Reduced amounts and abnormal forms of phospholipase C zeta (PLC) in spermatozoa from infertile men
Authors: Heytens, E.; Parrington, J.; Coward, K.; Young, C.; Lambrecht, S.; Yoon, S.-Y.; Fissore, R.A.; Hamer, R.; Deane, C.M.; Ruas, M.; Grasa, P.; Soleimani, R.; Cuvelier, C.A.; Gerris, J.; Dhont, M.; Deforce, D.; Leybaert, L.; De Sutter, P.
Source: Human Reproduction, Volume 24, Number 10, 24 October 2009 , pp. 2417-2428(12)
Publisher: Oxford University Press
Abstract:BACKGROUNDIn mammals, oocyte activation at fertilization is thought to be induced by the sperm-specific phospholipase C zeta (PLC). However, it still remains to be conclusively shown that PLC is the endogenous agent of oocyte activation. Some types of human infertility appear to be caused by failure of the sperm to activate and this may be due to specific defects in PLC.METHODS AND RESULTSImmunofluorescence studies showed PLC to be localized in the equatorial region of sperm from fertile men, but sperm deficient in oocyte activation exhibited no specific signal in this same region. Immunoblot analysis revealed reduced amounts of PLC in sperm from infertile men, and in some cases, the presence of an abnormally low molecular weight form of PLC. In one non-globozoospermic case, DNA analysis identified a point mutation in the PLC gene that leads to a significant amino acid change in the catalytic region of the protein. Structural modelling suggested that this defect may have important effects upon the structure and function of the PLC protein. cRNA corresponding to mutant PLC failed to induce calcium oscillations when microinjected into mouse oocytes. Injection of infertile human sperm into mouse oocytes failed to activate the oocyte or trigger calcium oscillations. Injection of such infertile sperm followed by two calcium pulses, induced by assisted oocyte activation, activated the oocytes without inducing the typical pattern of calcium oscillations.CONCLUSIONSOur findings illustrate the importance of PLC during fertilization and suggest that mutant forms of PLC may underlie certain types of human male infertility.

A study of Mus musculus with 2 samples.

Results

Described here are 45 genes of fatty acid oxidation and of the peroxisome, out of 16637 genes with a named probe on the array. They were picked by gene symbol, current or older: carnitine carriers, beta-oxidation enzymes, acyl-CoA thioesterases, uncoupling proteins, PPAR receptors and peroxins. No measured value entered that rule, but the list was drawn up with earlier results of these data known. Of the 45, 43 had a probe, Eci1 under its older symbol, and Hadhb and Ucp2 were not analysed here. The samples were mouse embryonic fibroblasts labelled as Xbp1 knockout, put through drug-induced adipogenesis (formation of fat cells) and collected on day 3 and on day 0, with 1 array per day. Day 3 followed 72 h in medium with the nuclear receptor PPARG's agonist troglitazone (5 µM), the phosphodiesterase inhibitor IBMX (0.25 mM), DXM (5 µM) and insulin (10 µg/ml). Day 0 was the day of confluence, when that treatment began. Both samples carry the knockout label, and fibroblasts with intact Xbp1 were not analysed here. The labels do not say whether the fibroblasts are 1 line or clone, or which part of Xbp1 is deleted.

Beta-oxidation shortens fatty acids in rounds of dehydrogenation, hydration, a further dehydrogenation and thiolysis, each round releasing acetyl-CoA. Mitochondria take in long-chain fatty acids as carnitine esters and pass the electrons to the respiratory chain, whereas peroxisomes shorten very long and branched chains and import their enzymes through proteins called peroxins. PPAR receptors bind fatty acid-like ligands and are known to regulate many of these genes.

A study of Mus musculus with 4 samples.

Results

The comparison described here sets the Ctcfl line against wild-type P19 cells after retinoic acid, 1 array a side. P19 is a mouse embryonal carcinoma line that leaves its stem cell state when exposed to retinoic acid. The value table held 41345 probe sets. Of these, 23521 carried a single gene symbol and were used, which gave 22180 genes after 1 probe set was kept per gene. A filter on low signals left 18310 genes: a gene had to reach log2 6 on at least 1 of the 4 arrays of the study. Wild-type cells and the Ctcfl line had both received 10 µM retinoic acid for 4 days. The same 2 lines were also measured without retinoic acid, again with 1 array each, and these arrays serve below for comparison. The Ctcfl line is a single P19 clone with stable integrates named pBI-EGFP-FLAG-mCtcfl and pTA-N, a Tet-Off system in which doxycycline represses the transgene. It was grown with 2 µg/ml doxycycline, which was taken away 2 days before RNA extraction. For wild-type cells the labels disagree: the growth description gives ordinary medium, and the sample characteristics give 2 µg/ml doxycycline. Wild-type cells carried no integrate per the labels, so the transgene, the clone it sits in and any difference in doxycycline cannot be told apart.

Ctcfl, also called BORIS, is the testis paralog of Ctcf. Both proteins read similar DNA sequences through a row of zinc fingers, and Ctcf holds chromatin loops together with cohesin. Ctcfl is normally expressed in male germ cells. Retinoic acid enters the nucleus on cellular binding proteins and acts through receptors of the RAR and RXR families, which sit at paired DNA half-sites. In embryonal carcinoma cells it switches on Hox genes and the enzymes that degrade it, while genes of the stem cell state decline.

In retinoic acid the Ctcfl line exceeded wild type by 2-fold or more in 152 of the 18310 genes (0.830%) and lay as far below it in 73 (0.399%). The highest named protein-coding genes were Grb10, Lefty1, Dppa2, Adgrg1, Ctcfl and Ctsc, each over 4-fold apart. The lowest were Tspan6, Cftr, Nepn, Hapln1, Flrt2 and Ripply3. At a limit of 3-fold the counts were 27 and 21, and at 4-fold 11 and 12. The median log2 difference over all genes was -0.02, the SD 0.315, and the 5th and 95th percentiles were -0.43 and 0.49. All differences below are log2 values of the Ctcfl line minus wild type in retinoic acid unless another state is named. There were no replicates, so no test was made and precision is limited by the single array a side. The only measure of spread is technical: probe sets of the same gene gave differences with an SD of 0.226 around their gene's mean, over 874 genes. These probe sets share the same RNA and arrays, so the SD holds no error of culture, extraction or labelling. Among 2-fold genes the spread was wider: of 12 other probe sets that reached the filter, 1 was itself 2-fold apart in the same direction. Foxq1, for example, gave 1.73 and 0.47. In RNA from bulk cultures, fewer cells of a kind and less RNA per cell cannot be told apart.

Document Type: Research article
Publication date: 2009-10-24
- Human Reproduction features full-length, peer-reviewed papers reporting original research, clinical case histories, as well as opinions and debates on topical issues. Papers published cover the scientific and medical aspects of reproductive physiology and pathology, endocrinology, andrology, gonad function, gametogenesis, fertilization, embryo development, implantation, pregnancy, genetics, genetic diagnosis, oncology, infectious disease, surgery, contraception, infertility treatment, psychology, ethics and social issues. The highest scientific and editorial standard is maintained throughout the journal along with a rapid rate of publication.
- By this author: Heytens, E. ; Parrington, J. ; Coward, K. ; Young, C. ; Lambrecht, S. ; Yoon, S.-Y. ; Fissore, R.A. ; Hamer, R. ; Deane, C.M. ; Ruas, M. ; Grasa, P. ; Soleimani, R. ; Cuvelier, C.A. ; Gerris, J. ; Dhont, M. ; Deforce, D. ; Leybaert, L. ; De Sutter, P.